Video Educates First Responders to Symptoms of Brain Aneurysms

An estimated one in fifty people in North America has a brain aneurysm. If the brain aneurysm is diagnosed early with proper screening, an aneurysm can be treated before it ruptures, saving lives. About 40% of those experiencing a ruptured brain aneurysm will die.

To help ensure the proper diagnosis of brain aneurysms, The Brain Aneurysm Foundation has developed an educational video entitled Early Detection of Brain Aneurysms: Life vs. Death. Designed to educate primary care physicians, emergency room physicians and first responders on the early detection of brain aneurysms, this 20 minute video focuses on recognizing the symptoms related to a brain aneurysm and performing appropriate diagnostic brain imaging to determine if an aneurysm is present. Early Detection of Brain Aneurysms: Life vs. Death is available now and can be viewed for CME credit at www.bafound.org or copies of the DVD can be acquired by calling 888-272-4602 or emailing office@bafound.org.

An estimated 6 million people in the United States have an unruptured brain aneurysm, a weak bulging spot on the wall of a brain artery. Individuals who receive treatment for an unruptured aneurysm generally require less rehabilitative therapy and recover more quickly than those that survive a ruptured aneurysm.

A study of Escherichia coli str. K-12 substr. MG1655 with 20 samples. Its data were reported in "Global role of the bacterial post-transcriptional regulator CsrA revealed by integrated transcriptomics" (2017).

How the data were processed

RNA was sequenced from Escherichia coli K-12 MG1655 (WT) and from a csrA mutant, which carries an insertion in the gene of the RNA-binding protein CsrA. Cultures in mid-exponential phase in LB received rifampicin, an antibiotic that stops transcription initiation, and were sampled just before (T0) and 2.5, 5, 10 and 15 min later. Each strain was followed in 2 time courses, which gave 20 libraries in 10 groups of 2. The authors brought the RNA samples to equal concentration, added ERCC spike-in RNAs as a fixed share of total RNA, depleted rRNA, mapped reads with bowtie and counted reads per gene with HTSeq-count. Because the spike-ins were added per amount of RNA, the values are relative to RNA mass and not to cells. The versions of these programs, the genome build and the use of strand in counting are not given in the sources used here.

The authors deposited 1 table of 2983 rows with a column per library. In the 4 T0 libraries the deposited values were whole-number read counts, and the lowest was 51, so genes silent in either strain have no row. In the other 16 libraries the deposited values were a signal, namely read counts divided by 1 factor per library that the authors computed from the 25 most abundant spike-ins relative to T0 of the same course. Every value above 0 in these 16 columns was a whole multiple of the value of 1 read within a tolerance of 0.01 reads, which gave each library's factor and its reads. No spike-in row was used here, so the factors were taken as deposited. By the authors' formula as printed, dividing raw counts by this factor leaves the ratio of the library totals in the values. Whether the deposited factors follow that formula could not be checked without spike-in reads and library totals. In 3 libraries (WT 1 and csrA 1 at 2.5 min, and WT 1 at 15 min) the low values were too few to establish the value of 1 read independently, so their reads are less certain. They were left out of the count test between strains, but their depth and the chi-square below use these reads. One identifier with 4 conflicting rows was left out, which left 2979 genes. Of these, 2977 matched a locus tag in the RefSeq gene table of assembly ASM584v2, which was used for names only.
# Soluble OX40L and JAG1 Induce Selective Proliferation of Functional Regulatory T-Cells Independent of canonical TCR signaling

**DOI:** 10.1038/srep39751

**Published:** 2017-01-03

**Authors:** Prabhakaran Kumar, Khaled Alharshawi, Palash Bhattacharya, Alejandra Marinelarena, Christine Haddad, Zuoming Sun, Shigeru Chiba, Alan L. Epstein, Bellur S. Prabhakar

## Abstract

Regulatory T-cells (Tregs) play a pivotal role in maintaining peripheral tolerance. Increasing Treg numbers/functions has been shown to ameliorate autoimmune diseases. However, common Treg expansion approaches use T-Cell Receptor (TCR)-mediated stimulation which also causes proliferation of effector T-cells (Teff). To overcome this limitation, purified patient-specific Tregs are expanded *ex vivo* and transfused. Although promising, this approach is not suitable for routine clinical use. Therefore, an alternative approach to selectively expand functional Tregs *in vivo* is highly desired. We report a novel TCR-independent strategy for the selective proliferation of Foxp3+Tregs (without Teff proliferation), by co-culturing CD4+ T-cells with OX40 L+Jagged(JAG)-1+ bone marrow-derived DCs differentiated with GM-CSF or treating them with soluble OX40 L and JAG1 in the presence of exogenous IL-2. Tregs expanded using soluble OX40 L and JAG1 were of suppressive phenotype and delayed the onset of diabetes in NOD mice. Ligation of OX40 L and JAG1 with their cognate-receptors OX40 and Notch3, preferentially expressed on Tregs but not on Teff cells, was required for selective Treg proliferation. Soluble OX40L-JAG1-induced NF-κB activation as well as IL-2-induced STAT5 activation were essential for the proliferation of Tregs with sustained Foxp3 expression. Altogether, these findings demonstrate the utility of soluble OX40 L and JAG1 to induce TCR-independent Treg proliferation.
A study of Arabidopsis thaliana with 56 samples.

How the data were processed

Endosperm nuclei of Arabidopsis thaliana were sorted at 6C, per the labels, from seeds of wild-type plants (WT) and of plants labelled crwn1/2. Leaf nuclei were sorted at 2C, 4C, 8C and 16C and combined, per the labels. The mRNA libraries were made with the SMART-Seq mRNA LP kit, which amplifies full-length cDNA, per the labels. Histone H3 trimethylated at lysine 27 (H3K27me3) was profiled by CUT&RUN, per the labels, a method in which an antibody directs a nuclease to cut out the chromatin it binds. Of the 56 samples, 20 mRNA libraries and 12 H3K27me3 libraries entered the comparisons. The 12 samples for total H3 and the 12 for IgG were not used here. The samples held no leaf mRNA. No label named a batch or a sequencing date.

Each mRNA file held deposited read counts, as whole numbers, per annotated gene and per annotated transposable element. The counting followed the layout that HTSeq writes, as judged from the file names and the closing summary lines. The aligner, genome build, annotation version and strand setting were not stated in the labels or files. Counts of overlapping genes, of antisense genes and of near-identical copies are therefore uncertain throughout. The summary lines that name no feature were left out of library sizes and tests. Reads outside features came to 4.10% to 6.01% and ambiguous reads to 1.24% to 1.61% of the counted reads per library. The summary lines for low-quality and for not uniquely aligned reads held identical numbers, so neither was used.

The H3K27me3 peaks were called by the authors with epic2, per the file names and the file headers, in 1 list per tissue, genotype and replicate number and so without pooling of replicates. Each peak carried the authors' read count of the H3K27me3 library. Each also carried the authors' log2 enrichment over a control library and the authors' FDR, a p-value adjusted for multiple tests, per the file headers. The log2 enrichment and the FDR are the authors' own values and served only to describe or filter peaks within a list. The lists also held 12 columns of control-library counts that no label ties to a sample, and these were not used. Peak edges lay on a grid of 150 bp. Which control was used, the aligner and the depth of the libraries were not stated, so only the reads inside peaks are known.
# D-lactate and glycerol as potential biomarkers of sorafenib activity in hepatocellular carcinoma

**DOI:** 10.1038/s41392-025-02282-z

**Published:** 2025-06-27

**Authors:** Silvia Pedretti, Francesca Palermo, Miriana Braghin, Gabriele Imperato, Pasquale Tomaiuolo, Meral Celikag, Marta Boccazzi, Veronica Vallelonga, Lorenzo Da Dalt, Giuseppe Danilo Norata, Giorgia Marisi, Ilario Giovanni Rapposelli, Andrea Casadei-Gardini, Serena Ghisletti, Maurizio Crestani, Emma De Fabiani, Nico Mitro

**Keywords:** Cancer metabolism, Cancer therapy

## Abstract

People who suffer a ruptured brain aneurysm (subarachnoid hemorrhage) will often have warning signs; however, they are often misdiagnosed. The most common warning signs are headaches, blurred vision, neck stiffness or pain, nausea or other neurological symptoms such as dizziness or numbness or a change in mental awareness. Misdiagnosis, or a delay in diagnosis of a ruptured brain aneurysm, may result in death or severe disability for the survivor.

With the help of the medical community, this early detection video can help promote brain aneurysm awareness and directly benefit those affected by brain aneurysms.

The video Early Detection of Brain Aneurysms: Life vs. Death has been planned and implemented in accordance with the Essentials Areas and Policies of the Accreditation Council for CME (ACCME) through the joint sponsorship of Vanderbilt School of Medicine and the Brain Aneurysm Foundation. Vanderbilt School of Medicine is accredited by the Accreditation Council for CME to provide Continuing Medical Education for physicians.

For more information on The Brain Aneurysm Foundation and Early Detection of Brain Aneurysms: Life vs. Death, please visit http://www.bafound.org.

The Brain Aneurysm Foundation was established in Boston, MA on August 19, 1994 as a public charity. The Brain Aneurysm Foundation is the nation's only nonprofit organization solely dedicated to providing critical awareness, education, support and research funding to reduce the incidence of brain aneurysms.